What is a Notary Public?

 

A person appointed by the Secretary of State to witness the signing of important documents, taking of acknowledgments and/or affidavits and administering oaths.

What is a Loan Signing Agent?

 

A Loan Signing Agent is a notary specifically experienced and trained to handle loan documentation. 
 
What should I bring with me when we meet?

 

All you need to bring with you is a current form of government-issued identification (see list below). The document should also contain the notarial "certificate" verbiage which may appear on the document itself or as an attachment. If the notarial wording is not on the document the signers are responsible for knowing what type of notarization they need. Please note that a Notary Public legally cannot choose which type of certificate the document requires. If the signer does not know what kind of notarization they need, they must consult with the document issuing agency, receiving agency or attorney to help decide which wording will be needed. A notary is not an attorney and cannot give legal advice.

What forms of identification do Notary Publics accept?

 

A valid photo identification card is required by each signer, in order for a document to be notarized. One of the following will do as long as it is current or has been issued within the past 5 years:
 
a. State issued driver's license or identification card
b. U.S. passport
c. Foreign passport
d. U.S. military identification card (with a photograph, physical description of the person, signature of the person, and an identifying number.)
e. Driver’s license officially issued in Mexico or Canada
f. Inmate ID card issued by the California Department of Corrections and Rehabilitation (for inmates in custody only)  
g. Any form of inmate identification issued by a sheriff's department, if the inmate is in custody in a local detention facility
h. An employee ID card issued by an agency or office of the State of California, or an agency or office of a city, county, or city and county in California
i. A valid consular identification document issued by a consulate from the applicant's country of citizenship
j. An ID card issued by a federally recognized tribal government

 
Acceptable ID's generally have the following characteristics:
·         Government issued
·         Photo
·         Physical description (not required in passports)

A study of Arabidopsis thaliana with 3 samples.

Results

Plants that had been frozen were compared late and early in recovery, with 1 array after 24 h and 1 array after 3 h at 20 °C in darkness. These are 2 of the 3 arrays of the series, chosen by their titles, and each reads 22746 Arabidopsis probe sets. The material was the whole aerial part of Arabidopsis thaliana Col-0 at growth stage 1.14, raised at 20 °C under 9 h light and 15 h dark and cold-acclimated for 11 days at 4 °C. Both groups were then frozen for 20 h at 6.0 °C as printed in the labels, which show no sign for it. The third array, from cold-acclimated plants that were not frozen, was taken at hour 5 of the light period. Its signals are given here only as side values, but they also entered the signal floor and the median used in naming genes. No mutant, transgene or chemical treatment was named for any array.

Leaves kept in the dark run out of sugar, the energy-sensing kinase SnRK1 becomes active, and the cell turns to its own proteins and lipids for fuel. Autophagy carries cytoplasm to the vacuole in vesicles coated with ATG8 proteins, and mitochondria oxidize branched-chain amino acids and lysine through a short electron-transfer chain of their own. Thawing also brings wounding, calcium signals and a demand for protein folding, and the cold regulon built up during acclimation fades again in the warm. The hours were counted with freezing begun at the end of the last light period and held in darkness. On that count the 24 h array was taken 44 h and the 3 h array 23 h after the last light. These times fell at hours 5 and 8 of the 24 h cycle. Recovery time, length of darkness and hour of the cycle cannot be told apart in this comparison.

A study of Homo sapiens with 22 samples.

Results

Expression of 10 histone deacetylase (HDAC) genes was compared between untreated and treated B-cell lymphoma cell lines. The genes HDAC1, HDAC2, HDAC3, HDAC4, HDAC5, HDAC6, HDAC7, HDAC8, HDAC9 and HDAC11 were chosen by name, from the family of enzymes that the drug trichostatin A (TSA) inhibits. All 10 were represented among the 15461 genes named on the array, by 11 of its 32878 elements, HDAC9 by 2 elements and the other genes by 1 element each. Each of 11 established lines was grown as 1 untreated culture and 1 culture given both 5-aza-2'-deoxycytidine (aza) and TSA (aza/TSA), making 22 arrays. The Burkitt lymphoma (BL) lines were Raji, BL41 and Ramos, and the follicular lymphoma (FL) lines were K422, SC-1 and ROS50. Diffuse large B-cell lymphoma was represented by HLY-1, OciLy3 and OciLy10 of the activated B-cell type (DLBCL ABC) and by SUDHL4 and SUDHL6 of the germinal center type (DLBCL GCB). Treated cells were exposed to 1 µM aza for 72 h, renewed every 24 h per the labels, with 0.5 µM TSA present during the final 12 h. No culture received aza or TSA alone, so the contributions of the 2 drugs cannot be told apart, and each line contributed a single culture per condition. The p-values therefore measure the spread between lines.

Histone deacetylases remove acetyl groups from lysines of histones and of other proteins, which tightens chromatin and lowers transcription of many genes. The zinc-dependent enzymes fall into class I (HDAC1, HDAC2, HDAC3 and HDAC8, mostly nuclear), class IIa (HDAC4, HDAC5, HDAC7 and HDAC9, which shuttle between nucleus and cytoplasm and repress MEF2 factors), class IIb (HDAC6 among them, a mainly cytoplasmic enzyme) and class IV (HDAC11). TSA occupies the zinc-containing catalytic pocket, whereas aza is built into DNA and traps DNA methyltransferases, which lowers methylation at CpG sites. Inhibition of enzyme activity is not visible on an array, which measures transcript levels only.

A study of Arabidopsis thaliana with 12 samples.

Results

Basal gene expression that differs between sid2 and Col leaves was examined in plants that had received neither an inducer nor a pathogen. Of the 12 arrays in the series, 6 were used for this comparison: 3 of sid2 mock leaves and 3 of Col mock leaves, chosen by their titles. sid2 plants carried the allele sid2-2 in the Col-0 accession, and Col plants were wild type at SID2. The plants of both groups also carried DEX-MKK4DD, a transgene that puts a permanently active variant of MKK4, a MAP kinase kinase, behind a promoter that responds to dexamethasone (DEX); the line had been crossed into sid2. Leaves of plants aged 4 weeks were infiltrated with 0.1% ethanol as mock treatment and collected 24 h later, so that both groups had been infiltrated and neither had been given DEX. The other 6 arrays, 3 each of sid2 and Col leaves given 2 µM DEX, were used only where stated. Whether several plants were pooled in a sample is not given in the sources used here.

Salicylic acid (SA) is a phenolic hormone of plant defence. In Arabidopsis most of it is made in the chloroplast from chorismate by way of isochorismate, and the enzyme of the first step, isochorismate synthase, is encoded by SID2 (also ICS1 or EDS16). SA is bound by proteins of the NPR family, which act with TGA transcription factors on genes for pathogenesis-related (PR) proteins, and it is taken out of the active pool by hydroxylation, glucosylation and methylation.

·         Signature
·         Identification or Serial number
·         Expiration date
 
NOTE: If none of the above Identification is available, or it would be excessively difficult for the document signer to obtain them, two additional persons who do have one of the above documents may be present who will swear to the signer's identity. The two individuals have to be over the age of 18, have valid identification ready for inspection and must swear or affirm under penalty of perjury that they personally know the signer. They will also need to be present at the time of witnessing and sign the notary journal.
 
 
Can I sign the document before the notary arrives?

 

It depends. A document with jurat wording (typically an oath or affirmation) MUST be signed in front of the notary. Documents with acknowledgment wording require only that the signer appear before the notary. They can be signed beforehand. If in doubt, wait until the notary arrives before signing.
 
 
Does the name on the document have to match my ID exactly?

 

Not necessarily. However, the name on the document can be no more than the name on the ID. For example, if the name on the ID is “Sue Ann Smith,” the document can bear the names “Sue Smith,” “Sue A. Smith,” “S.A. Smith,” but not “Sue Ann Taylor Smith” or “A. T. Smith.”
 
What is an Apostille?

 

An Apostille is a document that is provided by the California Secretary of State as authentication of public official (e.i.: Notary Public) signatures on documents to be used outside the United States of America. The country of destination determines whether the authentication is an Apostille or Certification.
 
Apostilles and Certifications only certify to the authenticity of the signature of the official (notary public) who signed the document, the capacity in which that official acted, and when appropriate, the identity of the seal or stamp which the document bears. The Apostille or Certification does not validate the contents of the document.
 
Authentication Certificates are issued for documents which are destined for use in non-participating Hague countries, and Apostille Certificates are issued for documents destined for use in participating Hague countries.
 
Please click Apostille Services to find more information about Apostilles.
 
 
Why are documents notarized?

 

Documents are notarized to defer fraud. An impartial witness (the notary) ensures that the signers of documents are who they say they are and not impostors. The notary makes sure that signer(s) have entered into agreements knowingly and willingly.
 
 
Does notarization mean that a document is “true” or “legal”?

 

No. Notaries are not responsible for the accuracy or legality of documents they notarize. Notaries certify the identity of signers. The signers are responsible for the content of the documents.
 
 
May a notary notarize a document that is in a foreign language?

 

Yes, a notary may notarize documents written in a foreign language as long as the notary can communicate with the signer without the help of a translator and the document is complete and the notary is able to understand the certificate wording.
 
Is my Notary background screened, bonded and insured?

 

All notaries in the State of California are required to submit to a background screening administered by the Department of Justice and the FBI. A $15,000 surety bond is also required. I am additionally insured and carry a $100,000 E & O insurance.